In a world viewed through Snapchat and Instagram filters, it’s no surprise that apps everywhere are aiming to tweak and adjust our faces into comely symmetrical perfection. A nip here, a tuck there and bam, we’re all Kendall Jenner. Normally, we don’t bat an eye at the strange way society promotes homogeneous beauty, but what if the model for this app was a young child?
Enter Dim Dim Sum’s app, “Slim Booth“—the app that promises “a slimmer face and bigger eyes.” The app, which says it “saves money and time” by offering itself up as an alternative to plastic surgery, wants you to “share these pretty photos with your family, and friends via email, MMS, Facebook and Twitter and give them a surprise!”
Its poster girl? A young blonde haired girl who can’t be more than 10 years old.
Why this Hong Kong based mobile app company thought it’d be cool to use a child’s face as their test subject is beyond us, but it couldn’t come at a worse time.
Experts say that due to social media, children are now growing up with more anxiety and less self esteem. “Girls are socialized more to compare themselves to other people, girls in particular, to develop their identities,” says clinical psychologist Dr. Steiner-Adair to the Child Mind Institute. Normally, parents would be concerned with the unattainable ideals of Photoshopped models, actors and singers in magazines and on billboards. Now, the kid next door might be retouched too.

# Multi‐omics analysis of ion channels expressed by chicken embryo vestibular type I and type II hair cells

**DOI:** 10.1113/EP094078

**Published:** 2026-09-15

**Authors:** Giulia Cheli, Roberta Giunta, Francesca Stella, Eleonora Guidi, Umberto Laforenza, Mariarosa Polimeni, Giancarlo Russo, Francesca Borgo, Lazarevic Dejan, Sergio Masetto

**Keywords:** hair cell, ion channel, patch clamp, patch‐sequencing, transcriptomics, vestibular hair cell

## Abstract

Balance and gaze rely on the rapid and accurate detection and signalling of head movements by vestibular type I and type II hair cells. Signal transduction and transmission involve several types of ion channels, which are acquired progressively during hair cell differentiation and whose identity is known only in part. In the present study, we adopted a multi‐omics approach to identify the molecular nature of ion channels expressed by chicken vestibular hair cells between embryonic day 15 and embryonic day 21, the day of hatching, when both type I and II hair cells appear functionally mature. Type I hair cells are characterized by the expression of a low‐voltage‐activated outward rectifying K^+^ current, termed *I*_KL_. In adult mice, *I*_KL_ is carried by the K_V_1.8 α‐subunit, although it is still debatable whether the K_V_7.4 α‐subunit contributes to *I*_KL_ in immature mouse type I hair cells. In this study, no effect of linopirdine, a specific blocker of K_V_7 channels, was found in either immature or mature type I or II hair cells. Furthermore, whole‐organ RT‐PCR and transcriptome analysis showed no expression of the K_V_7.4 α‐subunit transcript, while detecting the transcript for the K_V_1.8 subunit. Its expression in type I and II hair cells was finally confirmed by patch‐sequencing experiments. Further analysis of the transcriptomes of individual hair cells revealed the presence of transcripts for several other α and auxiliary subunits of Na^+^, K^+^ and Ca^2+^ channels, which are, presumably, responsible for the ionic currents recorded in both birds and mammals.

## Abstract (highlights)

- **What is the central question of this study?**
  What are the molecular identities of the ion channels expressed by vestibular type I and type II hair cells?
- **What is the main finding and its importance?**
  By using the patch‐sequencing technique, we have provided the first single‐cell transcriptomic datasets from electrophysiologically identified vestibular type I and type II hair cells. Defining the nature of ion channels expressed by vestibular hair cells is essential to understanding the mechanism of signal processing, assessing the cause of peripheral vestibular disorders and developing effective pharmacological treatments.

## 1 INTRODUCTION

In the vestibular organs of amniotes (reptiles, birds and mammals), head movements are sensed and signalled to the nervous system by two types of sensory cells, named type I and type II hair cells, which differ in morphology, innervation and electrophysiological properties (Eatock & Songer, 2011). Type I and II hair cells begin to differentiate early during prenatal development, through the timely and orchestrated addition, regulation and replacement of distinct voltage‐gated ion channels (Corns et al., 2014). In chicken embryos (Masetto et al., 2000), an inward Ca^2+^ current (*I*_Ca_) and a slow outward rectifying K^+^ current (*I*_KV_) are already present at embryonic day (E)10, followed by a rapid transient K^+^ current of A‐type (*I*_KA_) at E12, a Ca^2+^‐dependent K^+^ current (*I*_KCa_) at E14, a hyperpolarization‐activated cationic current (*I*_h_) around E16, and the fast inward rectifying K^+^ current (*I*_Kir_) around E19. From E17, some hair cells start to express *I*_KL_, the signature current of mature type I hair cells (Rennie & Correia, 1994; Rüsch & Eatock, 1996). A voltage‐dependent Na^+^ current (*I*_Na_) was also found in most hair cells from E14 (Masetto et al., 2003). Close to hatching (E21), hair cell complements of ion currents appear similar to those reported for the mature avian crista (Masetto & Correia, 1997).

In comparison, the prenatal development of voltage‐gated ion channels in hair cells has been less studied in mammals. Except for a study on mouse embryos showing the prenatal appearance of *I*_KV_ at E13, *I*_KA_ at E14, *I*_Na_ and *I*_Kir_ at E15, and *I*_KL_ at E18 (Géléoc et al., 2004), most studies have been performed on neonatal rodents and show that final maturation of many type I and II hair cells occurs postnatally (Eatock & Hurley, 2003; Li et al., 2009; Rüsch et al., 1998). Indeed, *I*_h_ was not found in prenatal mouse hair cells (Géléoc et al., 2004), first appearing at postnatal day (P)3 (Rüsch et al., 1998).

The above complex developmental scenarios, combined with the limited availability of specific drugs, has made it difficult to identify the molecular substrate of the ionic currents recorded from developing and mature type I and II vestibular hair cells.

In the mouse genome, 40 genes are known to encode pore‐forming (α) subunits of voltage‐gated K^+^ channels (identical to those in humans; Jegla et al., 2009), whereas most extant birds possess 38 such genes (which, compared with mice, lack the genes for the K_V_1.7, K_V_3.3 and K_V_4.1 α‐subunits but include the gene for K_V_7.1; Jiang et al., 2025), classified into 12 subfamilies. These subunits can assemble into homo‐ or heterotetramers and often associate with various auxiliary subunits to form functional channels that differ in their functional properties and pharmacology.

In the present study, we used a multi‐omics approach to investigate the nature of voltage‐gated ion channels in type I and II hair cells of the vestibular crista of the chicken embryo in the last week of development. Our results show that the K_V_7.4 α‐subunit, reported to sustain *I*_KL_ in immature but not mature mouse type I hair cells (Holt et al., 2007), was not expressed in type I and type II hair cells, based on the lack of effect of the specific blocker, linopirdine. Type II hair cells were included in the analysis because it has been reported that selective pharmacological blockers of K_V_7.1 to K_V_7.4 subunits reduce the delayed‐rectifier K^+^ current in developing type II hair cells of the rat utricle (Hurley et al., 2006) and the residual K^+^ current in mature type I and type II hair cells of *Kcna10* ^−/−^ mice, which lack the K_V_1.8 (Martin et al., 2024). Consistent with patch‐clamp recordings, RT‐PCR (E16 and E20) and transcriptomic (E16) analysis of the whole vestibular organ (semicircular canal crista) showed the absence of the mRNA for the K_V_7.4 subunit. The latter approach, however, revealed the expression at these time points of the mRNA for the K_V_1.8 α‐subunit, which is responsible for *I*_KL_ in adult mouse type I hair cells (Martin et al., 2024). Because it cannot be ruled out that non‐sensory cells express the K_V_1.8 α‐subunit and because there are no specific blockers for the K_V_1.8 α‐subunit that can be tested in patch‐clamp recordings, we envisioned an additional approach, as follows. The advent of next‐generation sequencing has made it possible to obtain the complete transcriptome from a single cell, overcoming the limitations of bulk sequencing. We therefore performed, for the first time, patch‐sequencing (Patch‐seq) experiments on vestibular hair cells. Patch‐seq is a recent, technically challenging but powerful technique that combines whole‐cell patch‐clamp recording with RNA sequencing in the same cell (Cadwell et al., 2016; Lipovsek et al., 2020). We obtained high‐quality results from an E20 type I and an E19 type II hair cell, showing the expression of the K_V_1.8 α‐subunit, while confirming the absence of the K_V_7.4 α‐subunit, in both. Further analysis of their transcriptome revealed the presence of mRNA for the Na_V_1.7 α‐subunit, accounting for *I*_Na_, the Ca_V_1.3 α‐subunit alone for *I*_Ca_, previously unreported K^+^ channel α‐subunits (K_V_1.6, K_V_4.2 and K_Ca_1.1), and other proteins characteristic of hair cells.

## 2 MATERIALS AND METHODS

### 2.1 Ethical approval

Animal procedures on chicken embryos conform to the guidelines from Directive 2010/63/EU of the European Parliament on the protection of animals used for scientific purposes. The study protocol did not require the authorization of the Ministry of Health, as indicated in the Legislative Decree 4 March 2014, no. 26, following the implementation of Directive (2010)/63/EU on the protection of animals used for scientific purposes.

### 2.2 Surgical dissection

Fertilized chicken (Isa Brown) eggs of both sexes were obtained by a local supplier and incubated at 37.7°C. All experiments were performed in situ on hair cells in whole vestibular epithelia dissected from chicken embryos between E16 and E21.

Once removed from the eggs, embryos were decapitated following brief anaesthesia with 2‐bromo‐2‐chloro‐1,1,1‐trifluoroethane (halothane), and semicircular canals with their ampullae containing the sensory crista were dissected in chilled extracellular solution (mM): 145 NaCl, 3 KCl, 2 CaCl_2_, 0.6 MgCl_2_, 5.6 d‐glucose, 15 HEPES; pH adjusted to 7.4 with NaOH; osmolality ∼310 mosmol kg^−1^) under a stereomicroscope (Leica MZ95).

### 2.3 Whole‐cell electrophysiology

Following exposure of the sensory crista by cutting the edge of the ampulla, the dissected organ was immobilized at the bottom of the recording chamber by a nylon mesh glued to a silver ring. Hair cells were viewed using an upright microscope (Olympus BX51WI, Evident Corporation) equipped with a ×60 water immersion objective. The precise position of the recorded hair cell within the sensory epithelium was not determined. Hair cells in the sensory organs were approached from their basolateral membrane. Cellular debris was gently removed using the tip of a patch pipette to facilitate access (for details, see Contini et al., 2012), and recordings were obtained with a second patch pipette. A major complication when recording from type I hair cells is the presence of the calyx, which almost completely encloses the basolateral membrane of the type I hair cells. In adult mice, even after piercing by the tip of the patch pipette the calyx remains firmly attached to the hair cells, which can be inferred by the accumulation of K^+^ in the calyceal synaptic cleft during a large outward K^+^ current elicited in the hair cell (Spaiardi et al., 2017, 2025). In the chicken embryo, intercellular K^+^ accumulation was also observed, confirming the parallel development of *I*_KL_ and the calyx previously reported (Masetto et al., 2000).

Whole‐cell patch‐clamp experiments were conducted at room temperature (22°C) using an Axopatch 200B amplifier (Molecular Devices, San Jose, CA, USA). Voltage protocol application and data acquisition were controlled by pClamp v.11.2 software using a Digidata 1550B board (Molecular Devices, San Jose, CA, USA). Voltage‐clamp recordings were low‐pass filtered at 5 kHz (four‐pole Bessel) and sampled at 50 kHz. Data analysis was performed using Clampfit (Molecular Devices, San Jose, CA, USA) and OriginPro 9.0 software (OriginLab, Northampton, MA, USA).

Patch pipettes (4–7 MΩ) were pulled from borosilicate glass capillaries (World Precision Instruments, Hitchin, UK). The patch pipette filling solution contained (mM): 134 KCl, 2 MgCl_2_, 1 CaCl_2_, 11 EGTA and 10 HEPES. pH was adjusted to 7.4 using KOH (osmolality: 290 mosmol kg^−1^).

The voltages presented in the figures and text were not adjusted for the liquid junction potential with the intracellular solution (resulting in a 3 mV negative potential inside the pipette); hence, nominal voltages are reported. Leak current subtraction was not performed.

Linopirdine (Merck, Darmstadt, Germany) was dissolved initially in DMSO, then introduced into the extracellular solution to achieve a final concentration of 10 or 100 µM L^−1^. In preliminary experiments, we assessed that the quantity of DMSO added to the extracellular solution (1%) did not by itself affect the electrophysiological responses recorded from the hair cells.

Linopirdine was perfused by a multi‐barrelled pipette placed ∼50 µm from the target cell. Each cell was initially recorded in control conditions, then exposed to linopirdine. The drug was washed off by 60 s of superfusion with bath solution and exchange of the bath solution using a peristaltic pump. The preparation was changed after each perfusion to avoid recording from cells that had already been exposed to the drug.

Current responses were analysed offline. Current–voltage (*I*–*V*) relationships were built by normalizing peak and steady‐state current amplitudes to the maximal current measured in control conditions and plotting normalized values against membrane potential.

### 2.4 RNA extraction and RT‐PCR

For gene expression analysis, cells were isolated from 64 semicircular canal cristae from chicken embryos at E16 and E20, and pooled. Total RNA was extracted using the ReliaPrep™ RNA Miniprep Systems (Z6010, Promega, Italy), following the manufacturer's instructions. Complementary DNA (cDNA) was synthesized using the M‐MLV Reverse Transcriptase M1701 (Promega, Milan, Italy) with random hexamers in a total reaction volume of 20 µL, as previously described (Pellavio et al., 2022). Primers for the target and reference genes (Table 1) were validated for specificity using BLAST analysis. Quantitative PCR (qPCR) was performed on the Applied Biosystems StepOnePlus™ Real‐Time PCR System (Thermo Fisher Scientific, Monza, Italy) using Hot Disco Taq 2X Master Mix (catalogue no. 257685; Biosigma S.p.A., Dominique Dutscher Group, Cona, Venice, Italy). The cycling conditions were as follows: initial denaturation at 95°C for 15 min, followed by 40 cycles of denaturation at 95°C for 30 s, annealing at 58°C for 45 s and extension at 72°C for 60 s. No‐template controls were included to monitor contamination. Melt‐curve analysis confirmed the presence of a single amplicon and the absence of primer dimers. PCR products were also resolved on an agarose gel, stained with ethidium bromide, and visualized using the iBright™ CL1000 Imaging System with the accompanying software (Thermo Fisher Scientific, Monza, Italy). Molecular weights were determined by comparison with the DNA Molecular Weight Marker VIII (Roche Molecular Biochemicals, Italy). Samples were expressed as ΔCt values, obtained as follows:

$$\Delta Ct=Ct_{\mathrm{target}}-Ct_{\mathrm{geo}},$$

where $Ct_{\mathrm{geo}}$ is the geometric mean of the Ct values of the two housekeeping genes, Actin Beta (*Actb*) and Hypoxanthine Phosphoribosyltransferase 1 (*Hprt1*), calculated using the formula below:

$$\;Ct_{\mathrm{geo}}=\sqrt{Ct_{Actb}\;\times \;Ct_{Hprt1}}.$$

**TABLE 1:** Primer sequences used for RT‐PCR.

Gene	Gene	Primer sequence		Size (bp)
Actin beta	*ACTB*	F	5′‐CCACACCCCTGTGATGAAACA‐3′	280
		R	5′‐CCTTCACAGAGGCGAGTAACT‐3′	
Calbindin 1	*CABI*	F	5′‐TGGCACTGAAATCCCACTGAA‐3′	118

With all these images available at the touch of a smart phone, it’s no surprise why some young girls would want to alter their appearances to fit a more conventional definition of beauty.
Nothing about Slim Booth is particularly groundbreaking–there are hundreds of slimming and retouching apps in the app store alone (Abs Booth, Plastic Doctor, and the ever popular FaceTune to name a few). However, using a child’s face to promote an app that changes your features and promises a “more beautiful” appearance is pretty careless.
While we’re not against changing your looks (you do you), maybe at least leave it until we’re at the age where Santa and the Tooth Fairy aren’t real anymore.